The Supreme Court Oct. 17 issued guidance for filers of friend-of-the-court briefs that “clears up a number of contested issues previously resolved through word-of-mouth lore among practitioners,” one of them said.
The guidelines on amicus briefs reflect a “collection of information that the clerk’s office would tell you if you asked,” but which was previously unavailable in written form, said Hogan Lovells’s Sean Marotta.
Whenever the clerk’s office would try to enforce these informal rules, it could cause confusion, Marotta said.
New information includes rules regarding “blanket-consent” letters, the listing of numerous amici, and explicit permission for an attorney to file more than one amicus brief in a given case.
It’s the second round of guidance issued by the court in recent weeks. Just before the start of the new term, it issued protocols noting that the justices must give advocates two minutes to get their arguments going before they can interrupt with comments or questions.
Gaming the System?
Most every case the Supreme Court hears includes at least one amicus brief, and some have dozens. They are often used to add information that might not be presented by the parties.
In the new information, the requirement on filing more than one amicus brief in a given case seems like it can be gamed by lawyers to get around severe word limits for amici, frequent amicus filer Josh Blackman said.
Instead of being limited to 6,000 words, an attorney might be able to file an amicus brief on behalf of different groups and get 12,000, 18,000, or even more words on the subject, he said.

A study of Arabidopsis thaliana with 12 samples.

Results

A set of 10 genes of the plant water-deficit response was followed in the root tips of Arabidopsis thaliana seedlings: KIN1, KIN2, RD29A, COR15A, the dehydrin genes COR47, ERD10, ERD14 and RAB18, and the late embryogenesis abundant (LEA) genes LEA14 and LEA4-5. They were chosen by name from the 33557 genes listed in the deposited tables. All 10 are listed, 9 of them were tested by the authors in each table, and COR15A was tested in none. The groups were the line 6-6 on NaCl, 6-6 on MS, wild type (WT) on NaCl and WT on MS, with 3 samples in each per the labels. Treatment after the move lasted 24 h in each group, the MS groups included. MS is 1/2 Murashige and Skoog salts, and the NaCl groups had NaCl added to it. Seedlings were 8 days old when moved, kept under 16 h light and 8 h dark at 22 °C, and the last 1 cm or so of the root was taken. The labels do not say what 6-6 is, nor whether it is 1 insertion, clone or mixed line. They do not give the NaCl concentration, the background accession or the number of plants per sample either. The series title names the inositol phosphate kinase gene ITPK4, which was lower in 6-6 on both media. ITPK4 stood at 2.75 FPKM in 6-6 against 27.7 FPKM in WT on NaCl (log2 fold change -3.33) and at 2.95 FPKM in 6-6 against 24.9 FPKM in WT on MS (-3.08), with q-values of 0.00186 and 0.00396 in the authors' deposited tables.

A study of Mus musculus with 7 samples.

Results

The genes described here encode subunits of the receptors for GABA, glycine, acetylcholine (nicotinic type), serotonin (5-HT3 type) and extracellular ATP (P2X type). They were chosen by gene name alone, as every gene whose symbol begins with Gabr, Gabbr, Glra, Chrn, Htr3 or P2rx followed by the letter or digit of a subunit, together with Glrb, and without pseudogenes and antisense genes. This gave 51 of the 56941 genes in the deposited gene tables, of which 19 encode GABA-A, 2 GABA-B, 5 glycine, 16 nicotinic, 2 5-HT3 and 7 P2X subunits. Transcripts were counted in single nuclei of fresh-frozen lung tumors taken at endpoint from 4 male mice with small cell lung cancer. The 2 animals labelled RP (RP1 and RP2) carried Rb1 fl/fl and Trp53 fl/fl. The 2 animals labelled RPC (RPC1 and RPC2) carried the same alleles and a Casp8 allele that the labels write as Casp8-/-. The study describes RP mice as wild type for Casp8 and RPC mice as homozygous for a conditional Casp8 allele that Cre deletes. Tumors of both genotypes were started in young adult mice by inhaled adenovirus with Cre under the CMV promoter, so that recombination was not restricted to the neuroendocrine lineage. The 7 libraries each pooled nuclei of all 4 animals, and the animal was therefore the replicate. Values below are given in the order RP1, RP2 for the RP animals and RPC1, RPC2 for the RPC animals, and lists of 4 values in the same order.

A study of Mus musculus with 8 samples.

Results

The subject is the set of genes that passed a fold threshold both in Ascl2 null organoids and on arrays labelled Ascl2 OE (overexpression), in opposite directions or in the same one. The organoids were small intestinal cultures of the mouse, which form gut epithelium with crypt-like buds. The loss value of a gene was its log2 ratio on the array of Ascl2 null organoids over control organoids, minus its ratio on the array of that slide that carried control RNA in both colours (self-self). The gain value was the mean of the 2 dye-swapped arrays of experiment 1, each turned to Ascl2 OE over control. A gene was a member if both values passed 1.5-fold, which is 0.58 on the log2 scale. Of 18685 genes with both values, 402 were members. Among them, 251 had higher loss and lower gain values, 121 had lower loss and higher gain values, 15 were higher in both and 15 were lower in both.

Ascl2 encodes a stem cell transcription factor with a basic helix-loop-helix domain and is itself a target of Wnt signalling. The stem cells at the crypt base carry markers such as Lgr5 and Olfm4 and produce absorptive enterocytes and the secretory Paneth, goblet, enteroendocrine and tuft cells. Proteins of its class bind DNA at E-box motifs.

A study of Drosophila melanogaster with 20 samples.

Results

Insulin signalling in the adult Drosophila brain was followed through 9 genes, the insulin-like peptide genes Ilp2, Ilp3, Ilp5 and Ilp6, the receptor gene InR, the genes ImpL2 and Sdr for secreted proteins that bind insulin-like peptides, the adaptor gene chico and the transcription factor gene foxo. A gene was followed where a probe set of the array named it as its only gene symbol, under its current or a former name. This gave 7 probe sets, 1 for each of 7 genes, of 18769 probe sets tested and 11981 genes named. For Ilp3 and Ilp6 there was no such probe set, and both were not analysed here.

One particularly helpful provision Blackman noted is guidance on how to file an amicus brief in two separate cases involving the same issue.
Previously it was unclear how to do this. But the guidance makes clear you can file just one brief so long as you put certain information on the cover, Blackman said.
That’s going to cut back on a lot of printing costs, he said.
Another notable update involves amicus briefs in emergency applications, Marotta said.
These often occur in death penalty cases, asking the Supreme Court to halt an impending execution.
The new guidance said amicus briefs in these cases are “strongly discouraged.”
The court seems to be trying to get the point across that, given the pace of these cases, filing an amicus brief might not be the best use of resources, Marotta said.
But, he said he’s not sure the new guidance is going to actually stop anyone who wants to be heard in the matters.
Other guidance includes:
- What does, and doesn’t, need to be in the amicus brief—namely, you don’t need restate the question presented;
- How to list particularly long captions that won’t fit on the front page; and
- An explicit prohibition on listing law students or interns on briefs.